What lies in store for the internet in 2017?

What lies in store for the internet in 2017?

Marco Catania Published on 6/21/2017

Online advertising will overtake television ads; voice and images will begin to replace the written word; gaming will start to compete with traditional sports; and India will offer innovative business opportunities: these are just some of the predictions contained in the 2017 Internet Trends Report, which was presented on 31 May at the Code Conference.

This annual study, curated by Mary Meeker from the venture capital firm Kleiner Perkins Caufield & Byers, has been revered for its insight into the future of the internet ever since its first edition in 2001.

The global Internet users community reached 3.4 billion members in 2016, after eight years of vertiginous growth, increasing by 10% every year, according to Meeker’s report.

In 2016, smartphone deliveries grew by “only” 3% compared to the previous year (in 2015 they had skyrocketed, going up 10%). However, this does not mean the assault of the web by smartphones is at risk; these devices are responsible for the majority of the growth in online advertising, stealing an ever larger share of the market from computers.

When it comes to advertising, the Internet Trends Report presents two startling statistics. The first is that 85% of the growth in online advertising is going to Facebook and Google. The second is that investment in internet advertising equalled the amount spent on television ads in 2016, and all the indications are that in 2017, in a landmark moment for the industry, it will exceed it.

Voice and images are starting to replace the written word when searching for information online.  In 2017, Google has learned to recognise the words pronounced by its users as well as humans can (with an accuracy level of 95%), clearing the way for the use of voice technology on a massive scale. With the barrier of recognition out of the way, the next challenge is to develop artificial intelligence that can understand the context of words.
Queries using images are heading in the same direction. “A sizable part of future searches [for information online] are going to be about pictures instead of keywords” Ben Silbermann, the founder of Pinterest, stated.

According to Meeker, gaming is driving technological innovation on the internet. 2.6 billion people are registered on online interactive games, a sector worth $100 billion. But there’s more: online gaming is turning into eSport, a new form of spectator sport. The final of the game League of Legends brought 20,000 spectators to the Staples Center in Los Angeles in 2016, plus another 43 million online.

Another driver of internet technology is the cloud, which is growing exponentially, especially in industrial applications. Here, Meeker believes, the main challenge is security.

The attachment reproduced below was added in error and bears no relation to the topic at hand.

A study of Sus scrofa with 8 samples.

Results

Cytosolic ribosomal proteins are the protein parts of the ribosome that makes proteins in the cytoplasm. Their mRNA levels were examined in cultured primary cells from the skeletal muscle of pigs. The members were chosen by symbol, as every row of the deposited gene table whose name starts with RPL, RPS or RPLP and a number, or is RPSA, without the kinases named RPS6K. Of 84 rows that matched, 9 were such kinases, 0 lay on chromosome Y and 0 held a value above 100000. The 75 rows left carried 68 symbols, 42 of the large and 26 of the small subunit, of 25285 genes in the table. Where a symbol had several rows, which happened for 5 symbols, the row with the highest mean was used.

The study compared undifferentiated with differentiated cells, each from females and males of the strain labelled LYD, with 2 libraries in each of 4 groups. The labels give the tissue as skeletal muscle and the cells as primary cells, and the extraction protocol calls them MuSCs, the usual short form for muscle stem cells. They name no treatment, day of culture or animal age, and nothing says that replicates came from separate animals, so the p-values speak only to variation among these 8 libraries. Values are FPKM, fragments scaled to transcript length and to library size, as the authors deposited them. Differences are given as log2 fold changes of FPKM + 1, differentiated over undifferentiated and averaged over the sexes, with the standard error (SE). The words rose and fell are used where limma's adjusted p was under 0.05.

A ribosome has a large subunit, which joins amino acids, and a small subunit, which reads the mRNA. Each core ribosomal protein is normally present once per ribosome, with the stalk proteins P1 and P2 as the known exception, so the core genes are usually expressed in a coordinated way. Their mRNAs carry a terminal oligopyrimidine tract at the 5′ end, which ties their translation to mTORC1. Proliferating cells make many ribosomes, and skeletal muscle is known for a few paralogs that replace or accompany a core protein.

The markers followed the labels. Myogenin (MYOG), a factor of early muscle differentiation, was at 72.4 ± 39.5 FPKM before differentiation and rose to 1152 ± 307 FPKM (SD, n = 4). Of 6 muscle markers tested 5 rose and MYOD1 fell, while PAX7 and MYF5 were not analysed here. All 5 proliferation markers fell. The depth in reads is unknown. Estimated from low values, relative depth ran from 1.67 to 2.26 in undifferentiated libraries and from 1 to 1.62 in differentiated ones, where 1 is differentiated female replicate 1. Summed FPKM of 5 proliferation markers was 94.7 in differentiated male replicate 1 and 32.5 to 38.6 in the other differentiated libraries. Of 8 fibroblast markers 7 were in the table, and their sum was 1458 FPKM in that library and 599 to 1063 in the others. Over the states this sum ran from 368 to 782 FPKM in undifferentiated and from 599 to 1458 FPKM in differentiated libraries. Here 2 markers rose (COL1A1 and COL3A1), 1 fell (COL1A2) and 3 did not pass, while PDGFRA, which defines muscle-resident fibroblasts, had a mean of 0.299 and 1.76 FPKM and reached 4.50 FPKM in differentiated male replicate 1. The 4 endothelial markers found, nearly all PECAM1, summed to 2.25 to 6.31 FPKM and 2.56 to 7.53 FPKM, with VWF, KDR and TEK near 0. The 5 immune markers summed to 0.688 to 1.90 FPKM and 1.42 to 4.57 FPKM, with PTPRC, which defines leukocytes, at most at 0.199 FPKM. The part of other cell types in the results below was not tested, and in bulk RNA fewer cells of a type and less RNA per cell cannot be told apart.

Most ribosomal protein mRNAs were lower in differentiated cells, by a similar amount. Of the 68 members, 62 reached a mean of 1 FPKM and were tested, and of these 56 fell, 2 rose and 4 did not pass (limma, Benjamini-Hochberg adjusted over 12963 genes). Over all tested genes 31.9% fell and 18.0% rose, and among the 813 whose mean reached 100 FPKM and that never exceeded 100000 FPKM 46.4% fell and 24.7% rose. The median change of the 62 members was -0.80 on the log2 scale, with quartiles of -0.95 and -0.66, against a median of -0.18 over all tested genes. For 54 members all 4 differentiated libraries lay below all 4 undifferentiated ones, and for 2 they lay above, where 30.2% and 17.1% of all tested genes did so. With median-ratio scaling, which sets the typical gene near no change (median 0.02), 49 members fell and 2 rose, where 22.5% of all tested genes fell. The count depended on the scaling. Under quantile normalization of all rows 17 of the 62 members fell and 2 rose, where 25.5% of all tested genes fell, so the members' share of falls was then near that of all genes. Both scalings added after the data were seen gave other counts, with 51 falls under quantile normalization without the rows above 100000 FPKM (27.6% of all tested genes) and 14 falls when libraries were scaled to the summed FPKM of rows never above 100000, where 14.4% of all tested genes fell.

Listening to music and watching videos are two of the main reasons users connect to the internet.

Spotify now account for 20% of the music industry’s income (despite having been in existence for less than ten years!) Netflix has grown by 700% compared to 2011: another warning shout for traditional TV. 

A less obvious online trend is the use of the web for health purposes. Downloads of health and fitness apps have increased by 15%, and the number of people wearing body monitoring devices reached 102 million in 2016 (the figure was four times lower in 2014). Furthermore, over half of users are willing to provide information about their health to Google, Microsoft or Apple, in exchange for useful services.

According to Meeker’s report, the world’s internet hot-spots are India and China. The number of Indian users grew by 28% in 2016, an exceptional rise, and one that could continue for a long time given that currently only a minority of the country’s 1.3 billion inhabitants are connected. The spread of smartphones has also had a significant impact: in 2016, the cost of a gigabyte of data halved thanks to new competitive offers from local companies. The arrival of cheaper smartphones could see internet growth in the country expand at an even faster rate.
China, meanwhile, has been developing rapidly for several years, with companies like Tencent, Alibaba, Baidu, Ant Financial, Didi Kuaidi and Xiaomi driving a vibrant internet services market. Two emerging sectors are payment via smartphone and bike sharing. Despite this, however, the United States still tops the charts when it comes to online business. Seven of the ten most valuable internet companies are American, with Apple, Google-Alphabet, Amazon and Facebook at the top of the pile. 1.5 million people work in online companies based in the USA.

The 2017 Internet Trends Report therefore confirms that the web’s precipitous growth shows no sign of abating, and that it is constantly changing. The marketing world should take note of these changes, and use them to its advantage.